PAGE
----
PLANTING SOYBEANS BACK-TO-BACK MAY HAVE ECONOMIC AND AGRONOMIC IMPACTS.
Planting soybeans back-to-back may seem like an ideal way to cut costs in light of heightened input costs and fertilizer shortages, but planting in soybean cyst nematode (SCN) infested fields could have economic and agronomic impacts.
“SCN reproduction is greater in hot, dry growing seasons, and many soil samples collected at harvest from field experiments in Iowa in 2021 have very high end-of-season SCN population densities,” said Iowa State University nematologist Greg Tylka in a news release from the SCN Coalition. “Planting an SCN-resistant variety is a soybean grower’s first line of defense. But in many fields, SCN has become resistant to the resistance because the same source of SCN resistance, known as PI 88788, has been used in about 95% of SCN-resistant soybean varieties for decades.”
A recent University of Wisconsin (UW) study found a traditional corn and soybean rotation provided higher yields than planting either crop back-to-back. The study also found higher densities of SCN in fields with consecutive soybean crops.
“The negative effect of SCN on soybean yields is well documented, and protection against SCN is critical to maintain top-end soybean yield potential,” said Shawn Conley, one of the authors of the research, in the news release.
SCN causes damage below the soil surface while plants continue to look healthy. Soil testing before planting or after harvest can help producers manage pest populations.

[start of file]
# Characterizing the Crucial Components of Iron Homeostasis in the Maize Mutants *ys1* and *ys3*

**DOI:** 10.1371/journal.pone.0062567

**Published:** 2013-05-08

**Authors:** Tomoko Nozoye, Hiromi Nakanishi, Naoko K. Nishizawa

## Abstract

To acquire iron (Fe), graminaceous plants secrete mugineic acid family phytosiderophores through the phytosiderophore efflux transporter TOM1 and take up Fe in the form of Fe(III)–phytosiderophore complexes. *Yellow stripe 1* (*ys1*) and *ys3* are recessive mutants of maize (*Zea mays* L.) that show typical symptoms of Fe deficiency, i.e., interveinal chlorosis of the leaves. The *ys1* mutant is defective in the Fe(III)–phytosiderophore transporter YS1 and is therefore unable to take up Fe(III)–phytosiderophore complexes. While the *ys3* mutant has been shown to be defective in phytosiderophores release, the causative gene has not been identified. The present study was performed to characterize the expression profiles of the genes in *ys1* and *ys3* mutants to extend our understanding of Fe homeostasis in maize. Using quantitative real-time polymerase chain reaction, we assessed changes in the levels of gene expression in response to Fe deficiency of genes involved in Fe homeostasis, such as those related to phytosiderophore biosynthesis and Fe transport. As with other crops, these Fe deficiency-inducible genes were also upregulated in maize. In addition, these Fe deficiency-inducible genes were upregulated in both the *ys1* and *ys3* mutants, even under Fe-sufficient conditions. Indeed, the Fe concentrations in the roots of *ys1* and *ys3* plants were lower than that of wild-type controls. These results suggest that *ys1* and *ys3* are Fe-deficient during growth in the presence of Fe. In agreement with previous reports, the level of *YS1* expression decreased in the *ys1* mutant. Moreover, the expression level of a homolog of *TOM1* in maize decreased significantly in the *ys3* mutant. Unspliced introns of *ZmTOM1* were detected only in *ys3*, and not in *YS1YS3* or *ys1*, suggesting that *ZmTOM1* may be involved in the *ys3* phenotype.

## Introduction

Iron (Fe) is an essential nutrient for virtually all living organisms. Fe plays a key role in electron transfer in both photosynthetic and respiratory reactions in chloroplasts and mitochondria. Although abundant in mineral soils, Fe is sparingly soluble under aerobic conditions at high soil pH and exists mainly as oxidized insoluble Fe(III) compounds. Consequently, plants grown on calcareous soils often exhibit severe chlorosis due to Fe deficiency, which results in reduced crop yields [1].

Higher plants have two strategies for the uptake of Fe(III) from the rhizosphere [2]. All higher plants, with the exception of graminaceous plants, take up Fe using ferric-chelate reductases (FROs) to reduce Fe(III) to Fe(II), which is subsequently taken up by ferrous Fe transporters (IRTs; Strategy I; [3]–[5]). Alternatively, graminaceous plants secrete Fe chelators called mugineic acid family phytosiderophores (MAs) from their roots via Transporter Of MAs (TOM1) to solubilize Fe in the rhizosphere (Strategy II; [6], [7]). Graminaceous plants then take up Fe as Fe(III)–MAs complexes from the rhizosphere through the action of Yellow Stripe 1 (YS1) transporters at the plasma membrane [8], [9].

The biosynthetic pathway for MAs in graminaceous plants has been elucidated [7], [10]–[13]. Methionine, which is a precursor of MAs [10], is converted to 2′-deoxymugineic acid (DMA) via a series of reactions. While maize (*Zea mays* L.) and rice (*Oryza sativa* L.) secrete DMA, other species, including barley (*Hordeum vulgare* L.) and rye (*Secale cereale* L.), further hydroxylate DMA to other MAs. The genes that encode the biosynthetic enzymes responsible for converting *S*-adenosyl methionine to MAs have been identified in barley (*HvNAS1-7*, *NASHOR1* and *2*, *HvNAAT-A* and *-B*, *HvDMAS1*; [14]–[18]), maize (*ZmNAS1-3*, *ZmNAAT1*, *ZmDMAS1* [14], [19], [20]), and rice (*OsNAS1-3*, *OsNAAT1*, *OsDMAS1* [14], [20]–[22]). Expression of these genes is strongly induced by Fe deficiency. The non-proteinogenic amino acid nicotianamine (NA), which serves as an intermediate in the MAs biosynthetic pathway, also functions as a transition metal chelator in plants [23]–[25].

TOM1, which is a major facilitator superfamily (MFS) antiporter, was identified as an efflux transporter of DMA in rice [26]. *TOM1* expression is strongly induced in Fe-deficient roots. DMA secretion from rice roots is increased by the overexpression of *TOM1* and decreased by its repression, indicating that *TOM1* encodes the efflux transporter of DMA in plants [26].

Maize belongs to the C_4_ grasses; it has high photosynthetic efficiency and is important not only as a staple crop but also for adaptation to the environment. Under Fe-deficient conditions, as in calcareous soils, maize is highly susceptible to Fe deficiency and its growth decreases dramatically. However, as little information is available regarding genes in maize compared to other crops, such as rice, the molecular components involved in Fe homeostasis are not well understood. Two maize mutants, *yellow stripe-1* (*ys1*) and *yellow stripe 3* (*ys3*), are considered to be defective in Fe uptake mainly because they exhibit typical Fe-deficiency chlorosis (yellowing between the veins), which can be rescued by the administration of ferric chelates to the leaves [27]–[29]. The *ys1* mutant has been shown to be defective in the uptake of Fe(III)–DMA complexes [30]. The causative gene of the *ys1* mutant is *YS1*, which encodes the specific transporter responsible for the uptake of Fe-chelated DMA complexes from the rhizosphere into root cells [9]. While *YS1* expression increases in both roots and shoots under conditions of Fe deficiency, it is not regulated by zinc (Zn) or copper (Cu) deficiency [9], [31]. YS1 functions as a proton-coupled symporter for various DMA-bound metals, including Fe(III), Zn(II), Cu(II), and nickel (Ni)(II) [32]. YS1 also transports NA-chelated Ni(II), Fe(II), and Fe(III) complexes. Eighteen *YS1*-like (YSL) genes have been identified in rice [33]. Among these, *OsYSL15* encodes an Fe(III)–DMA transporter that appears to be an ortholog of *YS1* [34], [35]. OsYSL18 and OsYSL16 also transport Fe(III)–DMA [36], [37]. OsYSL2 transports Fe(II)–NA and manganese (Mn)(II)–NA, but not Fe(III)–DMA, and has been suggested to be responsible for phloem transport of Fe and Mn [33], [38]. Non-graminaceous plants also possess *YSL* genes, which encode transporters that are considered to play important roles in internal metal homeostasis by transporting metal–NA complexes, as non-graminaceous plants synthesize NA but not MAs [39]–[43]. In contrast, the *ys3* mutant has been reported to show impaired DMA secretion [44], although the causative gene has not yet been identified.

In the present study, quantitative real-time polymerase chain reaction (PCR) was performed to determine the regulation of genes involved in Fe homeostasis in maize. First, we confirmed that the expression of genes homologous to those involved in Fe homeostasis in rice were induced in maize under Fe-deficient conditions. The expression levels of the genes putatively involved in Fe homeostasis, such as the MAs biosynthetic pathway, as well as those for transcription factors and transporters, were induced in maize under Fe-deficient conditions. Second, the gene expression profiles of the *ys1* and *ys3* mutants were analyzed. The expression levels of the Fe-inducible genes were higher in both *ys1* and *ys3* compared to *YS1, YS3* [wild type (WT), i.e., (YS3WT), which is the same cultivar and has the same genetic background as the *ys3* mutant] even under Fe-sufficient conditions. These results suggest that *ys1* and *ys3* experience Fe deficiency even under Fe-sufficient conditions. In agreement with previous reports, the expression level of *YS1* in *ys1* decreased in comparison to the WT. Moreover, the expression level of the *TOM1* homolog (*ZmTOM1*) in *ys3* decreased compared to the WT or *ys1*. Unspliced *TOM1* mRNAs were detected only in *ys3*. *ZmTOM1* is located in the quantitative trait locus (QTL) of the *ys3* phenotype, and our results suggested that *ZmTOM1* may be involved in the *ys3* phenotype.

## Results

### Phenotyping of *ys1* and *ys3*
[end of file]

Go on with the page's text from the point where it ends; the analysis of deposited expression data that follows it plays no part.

“If you planted soybeans in 2021, the odds are high that SCN was present in that field,” said Carl Bradley, a University of Kentucky plant pathologist, in the news release. “If soybeans are grown in 2022, SCN population densities will rise, resulting in a larger yield impact. That’s why The SCN Coalition recommends rotating to a non-host crop like corn or wheat.”
The SCN Coalition experts also recommend rotating SCN-resistant soybean varieties, such as Peking or PI 89772.
Nematode-protectant seed treatments can help control SCN numbers early in the season.
“One reason to consider a seed treatment, especially if you are planting soybeans back-to-back, is to control nematodes early in the season,” said Kaitlyn Bissonnette, a University of Missouri plant pathologist, in the news release. “Seed treatments can have an impact on any of three juvenile stages: the unhatched juvenile, the hatching juvenile and the penetrating juvenile.”